House Speaker Nancy Pelosi shot back at House GOP Leader Kevin McCarthy on Thursday, saying the Jan. 6 select committee is "deadly serious" after McCarthy accused Pelosi of an "egregious abuse of power."
"It's my responsibility as speaker of the House, to make sure we get to the truth on this, and we will not let their antics stand in the way of that," she said at her weekly press conference on Capitol Hill.
The boiling tensions between the two come after Pelosi rejected two of McCarthy's nominees for the committee -- Ohio Rep. Jim Jordan and Indiana Rep. Jim Banks -- citing concerns with “statements made and actions taken by these members" that might compromise the integrity of the investigation. Jordan and Banks are vocal allies of former President Donald Trump and supported his efforts to overturn the election.
"It’s bipartisan, and we have a quorum. Staff is being hired to do the job," Pelosi continued. "We're there to get the truth, not to get Trump."
While Pelosi accepted McCarthy's other three picks -- Illinois Rep. Rodney Davis, North Dakota Rep. Kelly Armstrong and Texas Rep. Troy Nehls -- McCarthy threatened Wednesday to pull all of his members.
"Unless Speaker Pelosi reverses course and seats all five Republican nominees, Republicans will not be party to their sham process and will instead pursue our own investigation of the facts," McCarthy said at a news conference.
McCarthy on Thursday continued to insist that Pelosi's decision to veto two of his appointees is unprecedented.
"I checked with the historian," McCarthy said following Pelosi's news conference.
"The idea that she's going to pick and choose -- you're not going to get an outcome," McCarthy said, casting doubt on the work the committee is slated to do.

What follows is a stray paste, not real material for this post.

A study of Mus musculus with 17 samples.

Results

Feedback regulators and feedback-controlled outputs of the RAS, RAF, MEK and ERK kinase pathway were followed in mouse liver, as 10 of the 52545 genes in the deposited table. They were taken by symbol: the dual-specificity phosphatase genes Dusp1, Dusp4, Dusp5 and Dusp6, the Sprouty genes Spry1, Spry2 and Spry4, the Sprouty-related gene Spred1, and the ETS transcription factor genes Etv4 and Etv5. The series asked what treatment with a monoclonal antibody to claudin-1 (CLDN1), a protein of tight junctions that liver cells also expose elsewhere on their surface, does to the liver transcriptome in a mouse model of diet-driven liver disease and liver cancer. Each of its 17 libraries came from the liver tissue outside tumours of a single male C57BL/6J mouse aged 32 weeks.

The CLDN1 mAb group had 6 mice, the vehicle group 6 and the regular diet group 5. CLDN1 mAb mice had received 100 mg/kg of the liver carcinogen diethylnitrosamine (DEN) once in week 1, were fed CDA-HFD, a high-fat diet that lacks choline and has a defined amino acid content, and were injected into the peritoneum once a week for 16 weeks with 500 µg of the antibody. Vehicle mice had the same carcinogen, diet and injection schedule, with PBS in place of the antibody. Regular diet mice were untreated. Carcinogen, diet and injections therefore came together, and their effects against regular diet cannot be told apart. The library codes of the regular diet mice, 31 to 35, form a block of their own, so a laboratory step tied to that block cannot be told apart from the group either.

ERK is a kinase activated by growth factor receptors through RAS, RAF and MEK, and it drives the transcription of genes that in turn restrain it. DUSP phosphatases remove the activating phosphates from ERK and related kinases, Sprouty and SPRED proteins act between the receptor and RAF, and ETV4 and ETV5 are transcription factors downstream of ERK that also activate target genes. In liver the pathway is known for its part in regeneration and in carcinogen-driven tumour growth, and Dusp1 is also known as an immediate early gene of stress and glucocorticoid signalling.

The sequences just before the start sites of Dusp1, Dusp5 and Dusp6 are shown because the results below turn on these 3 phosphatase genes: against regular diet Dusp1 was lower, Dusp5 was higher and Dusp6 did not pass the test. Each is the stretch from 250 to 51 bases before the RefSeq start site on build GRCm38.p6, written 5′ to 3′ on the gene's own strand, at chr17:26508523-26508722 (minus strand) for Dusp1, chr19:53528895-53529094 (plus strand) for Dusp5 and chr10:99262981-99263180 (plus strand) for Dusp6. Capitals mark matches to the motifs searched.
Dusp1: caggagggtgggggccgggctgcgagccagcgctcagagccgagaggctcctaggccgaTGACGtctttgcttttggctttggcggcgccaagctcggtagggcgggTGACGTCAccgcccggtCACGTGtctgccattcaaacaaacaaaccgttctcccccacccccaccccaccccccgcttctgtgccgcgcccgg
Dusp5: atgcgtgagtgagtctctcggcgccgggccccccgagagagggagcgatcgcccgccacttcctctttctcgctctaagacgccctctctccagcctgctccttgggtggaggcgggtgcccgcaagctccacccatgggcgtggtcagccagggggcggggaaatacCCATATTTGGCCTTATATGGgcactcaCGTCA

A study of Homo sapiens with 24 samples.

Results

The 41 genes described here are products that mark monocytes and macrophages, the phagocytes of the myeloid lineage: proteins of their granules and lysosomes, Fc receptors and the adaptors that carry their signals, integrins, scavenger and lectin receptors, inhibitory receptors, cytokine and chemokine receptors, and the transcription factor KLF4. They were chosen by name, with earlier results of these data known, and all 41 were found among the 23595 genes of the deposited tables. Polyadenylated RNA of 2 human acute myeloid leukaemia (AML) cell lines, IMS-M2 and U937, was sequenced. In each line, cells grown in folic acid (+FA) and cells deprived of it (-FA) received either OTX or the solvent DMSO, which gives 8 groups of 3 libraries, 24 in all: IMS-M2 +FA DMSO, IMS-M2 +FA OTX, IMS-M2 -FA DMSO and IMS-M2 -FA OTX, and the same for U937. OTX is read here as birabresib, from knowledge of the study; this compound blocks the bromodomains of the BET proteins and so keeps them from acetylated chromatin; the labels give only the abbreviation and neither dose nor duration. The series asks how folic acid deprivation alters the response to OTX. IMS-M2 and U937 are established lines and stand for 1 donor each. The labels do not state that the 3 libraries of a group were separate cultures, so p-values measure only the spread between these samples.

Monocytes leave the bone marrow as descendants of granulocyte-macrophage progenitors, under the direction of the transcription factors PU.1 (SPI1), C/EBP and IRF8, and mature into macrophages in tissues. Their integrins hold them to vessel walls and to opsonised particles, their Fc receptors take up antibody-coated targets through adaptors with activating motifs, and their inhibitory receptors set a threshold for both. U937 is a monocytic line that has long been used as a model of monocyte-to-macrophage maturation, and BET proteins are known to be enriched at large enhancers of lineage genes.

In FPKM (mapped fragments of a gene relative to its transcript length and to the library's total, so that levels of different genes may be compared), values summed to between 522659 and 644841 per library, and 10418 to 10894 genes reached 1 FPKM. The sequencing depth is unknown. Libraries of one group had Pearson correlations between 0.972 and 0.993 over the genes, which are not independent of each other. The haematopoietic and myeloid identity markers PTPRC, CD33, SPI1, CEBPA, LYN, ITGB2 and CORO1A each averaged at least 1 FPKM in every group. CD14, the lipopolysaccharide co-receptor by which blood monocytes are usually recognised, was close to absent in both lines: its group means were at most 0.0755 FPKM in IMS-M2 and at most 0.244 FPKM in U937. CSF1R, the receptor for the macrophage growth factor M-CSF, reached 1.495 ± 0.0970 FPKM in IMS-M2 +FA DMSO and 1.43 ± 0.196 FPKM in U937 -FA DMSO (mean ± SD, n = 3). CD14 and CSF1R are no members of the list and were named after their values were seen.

When asked what is wrong with having one or two Republicans serve on the House's Jan. 6 committee, McCarthy said, "this is a sham committee that’s just politically driven by Speaker Pelosi."
McCarthy wouldn't answer questions on whether he would strip committee assignments from Rep. Liz Cheney, R-Wyo., who is on the committee, or Rep. Adam Kinzinger, R-Ill., who is reported as being considered, but instead pivoted his message to his grievances with Democrats.
Earlier, Pelosi acknowledged at her press conference that Nehls had also voted against certifying election results for President Joe Biden, but said the two members she rejected, Jordan and Banks, had gone beyond that.
"The other two made statements and took actions that just made it ridiculous to put them on such a committee seeking the truth," she said.
She said some counseled her to allow Jordan and Banks on the committee "and then when they act up you can take them off," she disclosed. "I said, 'why should we waste time on something so predictable?'"
"I'm not going to spend any more time talking about them," she added later.
Back in May, Senate Republicans killed a proposal for an independent, bipartisan commission that would have given Republicans equal representation to investigate the Capitol attack. Under the House select committee proposal, which was approved by the House mostly along party lines with GOP Reps. Liz Cheney of Wyoming and Adam Kinzinger or Illinois joining Democrats, Pelosi gets seven appointments and McCarthy has five.
Pelosi also maintained the power to reject McCarthy's appointments, which she exercised Wednesday.
The House Select Committee was expected to hold its first hearing on Tuesday. Capitol police officers who protected members of Congress on Jan. 6 are among the first witnesses.